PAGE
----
Buay Tahan Origin: Hokkien/Malay – means unable to withstand/tolerate any longer. Buay (Hokkien) for “cannot” and tahan (malay) for “withstand” combines together to give the expression that one can no longer withstand or tolerate any longer. It has a similar meaning to the malay phrase “tak boleh tahan” where “tak boleh” means cannot.
Drop 20 Origin: Singlish/Army Lingo – a corporal punishment in army in the form of 20 push ups Drop 20 is an army lingo that is used by instructors to give recruits or trainees a corporal punishment of 20 push ups. This punishment is usually meted out if the soldiers failed to follow instructions or […]
Calefare Origin: Singlish- a name for someone who is working in a minor role on a film or show. They are commonly refer to as an “Extra” Calefare is someone that takes on a minor role in a film industry. They are usually an extra in a movie or show setting. They could be acting […]
Botak Origin: Malay – a word to describe someone that is bald Botak is used to describe someone that is bald and is also used to describe a balding person. It is also commonly used to describe someone who has just gotten a crew cut, especially new recruits to the Singapore Army. Commonly paired with […]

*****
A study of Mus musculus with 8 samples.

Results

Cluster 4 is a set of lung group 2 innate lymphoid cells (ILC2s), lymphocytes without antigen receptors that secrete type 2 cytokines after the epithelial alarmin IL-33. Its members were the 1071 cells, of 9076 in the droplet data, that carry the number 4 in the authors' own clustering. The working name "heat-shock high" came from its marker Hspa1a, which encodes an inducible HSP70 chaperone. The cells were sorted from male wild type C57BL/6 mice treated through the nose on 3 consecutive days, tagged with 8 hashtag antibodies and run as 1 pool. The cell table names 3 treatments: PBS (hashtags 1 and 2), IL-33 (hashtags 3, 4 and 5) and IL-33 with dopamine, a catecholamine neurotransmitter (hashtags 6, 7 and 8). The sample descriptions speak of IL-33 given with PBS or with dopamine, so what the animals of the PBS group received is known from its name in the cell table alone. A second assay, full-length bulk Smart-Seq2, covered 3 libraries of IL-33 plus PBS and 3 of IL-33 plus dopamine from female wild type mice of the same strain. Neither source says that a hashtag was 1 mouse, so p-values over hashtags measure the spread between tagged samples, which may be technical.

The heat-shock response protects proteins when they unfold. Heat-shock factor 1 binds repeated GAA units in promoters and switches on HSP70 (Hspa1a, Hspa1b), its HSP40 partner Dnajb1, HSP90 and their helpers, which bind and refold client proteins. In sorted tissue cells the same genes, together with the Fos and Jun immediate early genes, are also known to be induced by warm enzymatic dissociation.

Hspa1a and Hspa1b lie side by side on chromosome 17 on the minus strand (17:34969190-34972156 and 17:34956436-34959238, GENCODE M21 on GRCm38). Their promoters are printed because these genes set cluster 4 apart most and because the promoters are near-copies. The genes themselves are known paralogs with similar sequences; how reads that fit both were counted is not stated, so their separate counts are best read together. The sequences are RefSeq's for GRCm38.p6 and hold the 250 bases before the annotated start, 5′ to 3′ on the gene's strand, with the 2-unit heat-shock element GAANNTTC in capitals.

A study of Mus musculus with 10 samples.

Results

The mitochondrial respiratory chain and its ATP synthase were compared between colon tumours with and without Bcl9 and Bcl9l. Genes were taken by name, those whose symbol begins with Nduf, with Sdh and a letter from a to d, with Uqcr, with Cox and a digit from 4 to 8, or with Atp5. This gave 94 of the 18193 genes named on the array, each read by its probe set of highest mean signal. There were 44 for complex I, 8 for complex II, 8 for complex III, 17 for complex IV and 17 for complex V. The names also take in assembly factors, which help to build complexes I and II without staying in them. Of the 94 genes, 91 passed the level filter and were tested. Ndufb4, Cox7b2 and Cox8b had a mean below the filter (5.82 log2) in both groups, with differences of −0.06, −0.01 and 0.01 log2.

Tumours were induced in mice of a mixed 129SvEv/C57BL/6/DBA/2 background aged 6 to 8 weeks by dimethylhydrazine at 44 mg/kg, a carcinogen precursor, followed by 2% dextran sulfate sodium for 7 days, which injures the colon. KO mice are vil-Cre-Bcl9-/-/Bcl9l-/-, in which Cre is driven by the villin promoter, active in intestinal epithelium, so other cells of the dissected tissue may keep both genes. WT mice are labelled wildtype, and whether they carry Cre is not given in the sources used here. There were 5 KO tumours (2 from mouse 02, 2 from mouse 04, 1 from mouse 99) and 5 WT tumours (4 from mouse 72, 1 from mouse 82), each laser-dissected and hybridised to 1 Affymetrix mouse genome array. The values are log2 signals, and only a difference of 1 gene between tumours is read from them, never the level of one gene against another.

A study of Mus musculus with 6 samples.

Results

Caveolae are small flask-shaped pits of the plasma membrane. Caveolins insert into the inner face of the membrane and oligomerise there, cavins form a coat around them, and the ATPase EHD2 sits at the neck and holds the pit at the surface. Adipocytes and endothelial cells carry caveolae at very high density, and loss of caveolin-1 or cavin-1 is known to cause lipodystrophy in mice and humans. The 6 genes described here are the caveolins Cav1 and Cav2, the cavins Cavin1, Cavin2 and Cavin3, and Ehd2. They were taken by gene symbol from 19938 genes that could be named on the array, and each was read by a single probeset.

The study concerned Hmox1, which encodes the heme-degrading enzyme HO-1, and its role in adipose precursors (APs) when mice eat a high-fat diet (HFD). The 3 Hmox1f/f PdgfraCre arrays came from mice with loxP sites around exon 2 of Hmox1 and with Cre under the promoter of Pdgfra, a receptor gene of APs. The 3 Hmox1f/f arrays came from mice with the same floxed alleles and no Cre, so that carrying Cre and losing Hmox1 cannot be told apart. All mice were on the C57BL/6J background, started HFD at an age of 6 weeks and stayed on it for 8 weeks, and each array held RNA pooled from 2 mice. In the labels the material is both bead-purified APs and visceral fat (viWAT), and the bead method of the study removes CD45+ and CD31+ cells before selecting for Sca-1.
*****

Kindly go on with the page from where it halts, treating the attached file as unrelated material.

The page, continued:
Blur Like Sotong Origin: Singlish – literal translation is as blur as a squid; used for describing a clueless person. Blur Like Sotong is used to describe a person that is totally clueless to the events happening around him/her.
O$P$ – Owe Money, Pay Money Origin: Acronym/English – O$P$ is a short form for Owe Money , Pay Money The acronym O$P$ is often seen scribbled/sprayed on walls of buildings where the debtor lives. This is a tactic employed by loan sharks who harass debtors who failed to pay up. O$P$ + unit no. […]
OTOT – Own Time, Own Target Origin: English/Singlish/Army Lingo – Acronym for “Own Time, Own Target” OTOT which stands for “Own Time, Own Target” is a phrase first used in Army Camps when conducting shooting practice at a range for the soldiers. Instructions will be given to soldiers in this manner: “Firers watch the front, […]
Kena Origin: Malay – To be at the receiving end/suffering of something unpleasant Kena is a malay word to describe someone that is on the receiving end of something unpleasant and it can also mean the person is suffering or afflicted from something. It is often paired with the hokkien term “sai” (shit). So, you will […]
Jiak Origin: Hokkien/Teochew – literal translation “to eat” Jiak is a commonly used word to ask people if they have already eaten or to invite them to eat. It can be used to greet one another at the dinner table urging them to start eating. Younger family members will also greet their seniors at the […]
Makan Origin: Malay – literal translation “to eat” Makan is a very commonly used word in Singapore. It is used to ask people if they have eaten or to invite them to eat. It is similar to the hokkien/teochew dialect word “jiak“.